Washington Post columnist George Will was at it again on Thursday with his third column disparaging the scientific consensus behind man-made global warming in less than a month.
As usual, the blogosphere delivered a quick and thorough retort. Carl Zimmer, Chris Mooney, Joe Romm, Adam Siegel, and others all took a turn at rebutting Will’s column. The nut of their criticism revolved around the following paragraph:
Reducing carbon emissions supposedly will reverse warming, which is allegedly occurring even though, according to statistics published by the World Meteorological Organization, there has not been a warmer year on record than 1998.
This statement grossly mischaracterizes the significance of the WMO’s data. More troubling, however, is the fact that the Post allowed Will to recycle it despite being roundly and soundly criticized for using the exact same line a month ago. Indeed, just last Saturday, the paper ran a letter from the WMO itself, pointing out that:
It is a misinterpretation of the data and of scientific knowledge to point to one year as the warmest on record — as was done in a recent Post column [by Will] — and then to extrapolate that cooler subsequent years invalidate the reality of global warming and its effects.
Yet here we are again. As we explained in February, the Post relies upon “wiggly, lawyerly language” to argue that Will’s writing is factually correct, and that his controversial remarks qualify as inference rather than evidence. The Post’s editorial page editor, Fred Hiatt, also told me that Will is not obliged to acknowledge that his interpretation of the WMO data differs drastically from the WMO’s own interpretation. Climate Progress’s Joe Romm, who tends to be more scathing in his critiques than most critics, is now calling for Hiatt to be fired.
Yet the Post is not the only newspaper making room for skeptics who question the reality of global warming despite having only a cursory understanding of climate science. Much as it was in February, the latest episode of the Post affair is intimately related to similar controversies taking place at The New York Times.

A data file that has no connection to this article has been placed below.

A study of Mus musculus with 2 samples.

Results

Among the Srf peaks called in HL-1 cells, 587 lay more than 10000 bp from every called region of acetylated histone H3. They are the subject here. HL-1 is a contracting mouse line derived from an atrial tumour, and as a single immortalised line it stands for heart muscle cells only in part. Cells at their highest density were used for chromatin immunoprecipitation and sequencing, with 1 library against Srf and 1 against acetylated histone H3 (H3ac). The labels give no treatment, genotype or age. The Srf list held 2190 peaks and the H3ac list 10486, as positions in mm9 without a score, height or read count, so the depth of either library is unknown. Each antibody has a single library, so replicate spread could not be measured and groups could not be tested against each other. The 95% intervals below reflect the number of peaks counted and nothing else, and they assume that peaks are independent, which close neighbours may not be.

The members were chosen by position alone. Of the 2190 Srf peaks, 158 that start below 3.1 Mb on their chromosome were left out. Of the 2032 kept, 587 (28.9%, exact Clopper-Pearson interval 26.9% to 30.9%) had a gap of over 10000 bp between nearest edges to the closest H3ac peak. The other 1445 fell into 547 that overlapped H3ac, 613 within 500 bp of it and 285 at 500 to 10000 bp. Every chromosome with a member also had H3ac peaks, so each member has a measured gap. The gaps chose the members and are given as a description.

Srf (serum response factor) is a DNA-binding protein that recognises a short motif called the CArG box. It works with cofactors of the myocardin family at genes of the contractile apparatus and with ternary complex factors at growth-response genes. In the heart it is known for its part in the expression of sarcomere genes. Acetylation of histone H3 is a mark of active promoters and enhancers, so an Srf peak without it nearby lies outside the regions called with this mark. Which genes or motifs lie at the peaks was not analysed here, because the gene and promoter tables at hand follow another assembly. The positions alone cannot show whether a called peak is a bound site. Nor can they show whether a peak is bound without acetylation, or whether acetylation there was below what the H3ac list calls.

The bulk of Will’s column this week is, as Carl Zimmer put it, “basically a cut-and-paste job” on a Times article from last week about faulty compact fluorescent light bulbs. The piece reported that, despite CFLs’ efficiency, efforts to drive down their cost have led to low-quality light bulbs entering the market. The article drew mild criticism from the usual suspects. They gave the article credit for trying to look out for consumers, but complained that it relied too heavily on anecdotal evidence and overstated the gravity of the problem.
A far more interesting and controversial article, however, was last Saturday’s New York Times Magazine cover-story profile of physicist/mathematician and “global warming heretic” Freeman Dyson. Three days before the magazine even appeared on subscribers’ doorsteps, the online edition was already causing a stir.
Dyson is a physicist at the Institute for Advanced Studies—”this country’s most rarefied community of scholars,” as the profile’s author, Nicholas Dawidoff, put it—and very well respected within the scientific community. He is also skeptical of global warming as the specter that most climate scientists believe it to be. While admitting that human industry is heating the oceans and atmosphere, Dyson thinks the impacts will be benign or beneficial, and that issues like war and poverty are the real problems. Yet he is admittedly not an expert on climate science. In fact, he has made a career out of mistrusting experts. Dyson, Dawidoff writes, believes they are “too often crippled by the conventional wisdom they create.” Dyson argues that global warming has become the “secular religion” or “party line,” and that such orthodoxy must be challenged.
At The Intersection, blog, Chris Mooney summed up the feeling of many critics by retorting that “Dyson’s fame and authority don’t buy him any special deference in this area; science does not work that way. Does Dyson publish top work in this field? That is a far more relevant question.” Mooney also argued that Dawidoff, with little science writing experience, was “out of his depth” too.